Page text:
FOR IMMEDIATE RELEASE
Takoma Park, Maryland, 10 June 2002: The arrest of a suspect who allegedly sought to acquire radiological materials in order to make radiation weapons (commonly called “dirty bombs”) points up the need for a more stringent and comprehensive reporting and accounting for all radiological materials, according to the Institute for Energy and Environmental Research. These materials include:
Nuclear weapons usable materials — notably plutonium-239 (and associated isotopes) and highly enriched uranium. Radioactive materials that could be used to make dirty bombs or other dispersal devices. This larger category of materials includes cesium-137, cobalt-60, plutonium-238, americium-241, and strontium-90. (Plutonium-239 and associated isotopes could also be used to make “dirty bombs.”)
“The most important measure to reduce the risk of a radiological attack and to mitigate its consequences, should one occur, does not seem to be a high priority at present,” said Dr. Arjun Makhijani, president of the Institute for Energy and Environmental Research in Takoma Park, Maryland. “All institutions, whether commercial academic, governmental, or non-governmental, that possess radiological materials should be required to report their inventories periodically — once every three to six months — to local, state, and federal bodies, as well as to the International Atomic Energy Agency. That would not only ensure that the licensees authorized to hold these materials are verifying that they actually possess them, but it would provide authorities with early response information that would enable faster detection should any materials be missing. It is urgent that such a system should be put into place as a very high priority.”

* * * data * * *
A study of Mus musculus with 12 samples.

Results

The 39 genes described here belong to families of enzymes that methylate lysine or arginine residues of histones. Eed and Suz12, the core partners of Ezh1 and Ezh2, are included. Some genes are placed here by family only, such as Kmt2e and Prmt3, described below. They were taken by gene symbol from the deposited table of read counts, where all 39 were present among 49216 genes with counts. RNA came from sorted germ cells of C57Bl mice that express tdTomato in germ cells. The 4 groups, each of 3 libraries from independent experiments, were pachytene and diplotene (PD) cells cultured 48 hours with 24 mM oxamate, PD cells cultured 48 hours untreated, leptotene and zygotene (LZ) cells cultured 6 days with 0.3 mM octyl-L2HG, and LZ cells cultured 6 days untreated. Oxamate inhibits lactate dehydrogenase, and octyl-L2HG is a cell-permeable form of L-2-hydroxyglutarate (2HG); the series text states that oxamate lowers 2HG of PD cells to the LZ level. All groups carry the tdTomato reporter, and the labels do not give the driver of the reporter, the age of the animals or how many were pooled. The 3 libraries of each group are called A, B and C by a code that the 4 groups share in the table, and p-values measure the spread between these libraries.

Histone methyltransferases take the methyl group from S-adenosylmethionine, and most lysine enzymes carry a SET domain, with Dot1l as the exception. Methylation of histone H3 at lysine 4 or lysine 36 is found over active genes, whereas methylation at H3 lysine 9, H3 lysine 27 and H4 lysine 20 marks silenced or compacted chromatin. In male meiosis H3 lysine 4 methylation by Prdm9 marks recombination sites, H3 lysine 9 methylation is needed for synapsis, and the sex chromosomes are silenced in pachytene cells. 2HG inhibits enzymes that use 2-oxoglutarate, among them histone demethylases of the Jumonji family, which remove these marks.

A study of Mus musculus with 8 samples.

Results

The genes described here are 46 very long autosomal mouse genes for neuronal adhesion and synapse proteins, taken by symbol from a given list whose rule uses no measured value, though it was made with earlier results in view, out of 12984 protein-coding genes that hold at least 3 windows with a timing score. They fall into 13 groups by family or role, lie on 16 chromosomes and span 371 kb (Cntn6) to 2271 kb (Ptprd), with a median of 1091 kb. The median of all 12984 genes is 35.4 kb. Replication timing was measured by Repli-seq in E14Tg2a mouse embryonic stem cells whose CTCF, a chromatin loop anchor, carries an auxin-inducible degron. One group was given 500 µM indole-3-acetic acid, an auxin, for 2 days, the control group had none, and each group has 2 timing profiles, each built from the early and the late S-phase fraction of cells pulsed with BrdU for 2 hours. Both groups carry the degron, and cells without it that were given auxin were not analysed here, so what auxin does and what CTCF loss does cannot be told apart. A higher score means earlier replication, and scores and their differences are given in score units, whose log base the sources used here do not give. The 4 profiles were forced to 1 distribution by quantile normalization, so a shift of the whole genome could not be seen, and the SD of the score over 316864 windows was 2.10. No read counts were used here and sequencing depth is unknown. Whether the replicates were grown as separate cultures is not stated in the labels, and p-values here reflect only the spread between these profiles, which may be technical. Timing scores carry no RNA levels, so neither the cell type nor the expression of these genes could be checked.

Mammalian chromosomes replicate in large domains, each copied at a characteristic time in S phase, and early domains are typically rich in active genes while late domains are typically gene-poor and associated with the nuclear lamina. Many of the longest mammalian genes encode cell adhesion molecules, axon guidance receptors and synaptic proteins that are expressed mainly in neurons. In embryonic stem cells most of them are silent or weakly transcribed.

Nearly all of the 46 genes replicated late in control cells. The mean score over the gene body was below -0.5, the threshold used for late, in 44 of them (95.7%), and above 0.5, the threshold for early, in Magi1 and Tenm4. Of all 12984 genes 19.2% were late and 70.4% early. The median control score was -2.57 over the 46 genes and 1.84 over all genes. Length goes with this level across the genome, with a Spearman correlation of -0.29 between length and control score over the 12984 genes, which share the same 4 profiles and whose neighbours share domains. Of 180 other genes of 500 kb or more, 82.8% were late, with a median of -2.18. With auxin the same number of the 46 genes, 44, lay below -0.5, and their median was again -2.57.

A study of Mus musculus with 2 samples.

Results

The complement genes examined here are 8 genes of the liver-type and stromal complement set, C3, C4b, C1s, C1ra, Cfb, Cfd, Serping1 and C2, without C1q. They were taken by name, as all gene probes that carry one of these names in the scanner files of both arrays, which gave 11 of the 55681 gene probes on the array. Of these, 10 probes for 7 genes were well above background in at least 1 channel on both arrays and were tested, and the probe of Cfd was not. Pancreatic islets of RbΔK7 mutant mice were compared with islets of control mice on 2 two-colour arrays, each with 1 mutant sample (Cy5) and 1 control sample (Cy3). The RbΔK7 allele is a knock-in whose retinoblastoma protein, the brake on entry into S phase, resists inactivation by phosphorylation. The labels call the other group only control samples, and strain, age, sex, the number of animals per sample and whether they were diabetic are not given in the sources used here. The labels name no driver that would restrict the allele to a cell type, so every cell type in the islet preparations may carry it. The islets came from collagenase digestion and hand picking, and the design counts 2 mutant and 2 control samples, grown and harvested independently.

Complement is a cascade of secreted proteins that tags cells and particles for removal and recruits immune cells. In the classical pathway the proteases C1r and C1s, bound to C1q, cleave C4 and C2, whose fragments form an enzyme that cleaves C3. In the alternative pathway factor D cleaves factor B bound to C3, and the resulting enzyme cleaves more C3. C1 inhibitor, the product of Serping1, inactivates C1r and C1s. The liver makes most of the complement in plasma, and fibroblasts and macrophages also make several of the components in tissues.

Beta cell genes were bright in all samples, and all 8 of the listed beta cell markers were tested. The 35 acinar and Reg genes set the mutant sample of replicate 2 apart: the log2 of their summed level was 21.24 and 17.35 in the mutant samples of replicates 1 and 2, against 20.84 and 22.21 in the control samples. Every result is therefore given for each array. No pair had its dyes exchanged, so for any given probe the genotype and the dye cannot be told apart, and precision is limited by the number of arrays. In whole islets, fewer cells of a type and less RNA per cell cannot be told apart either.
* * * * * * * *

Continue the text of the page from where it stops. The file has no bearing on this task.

The risk of materials being stolen would be greatly reduced if regular reporting were required, according to the Institute for Energy and Environmental Research, because the possessors would know they would be held accountable for missing materials. Moreover, the authorities would be able to more easily detect the location from which materials were missing. That is currently impossible because the needed registries of radiological and nuclear materials do not exist at all levels. Emergency responders would also be better equipped and informed, reducing risks to them.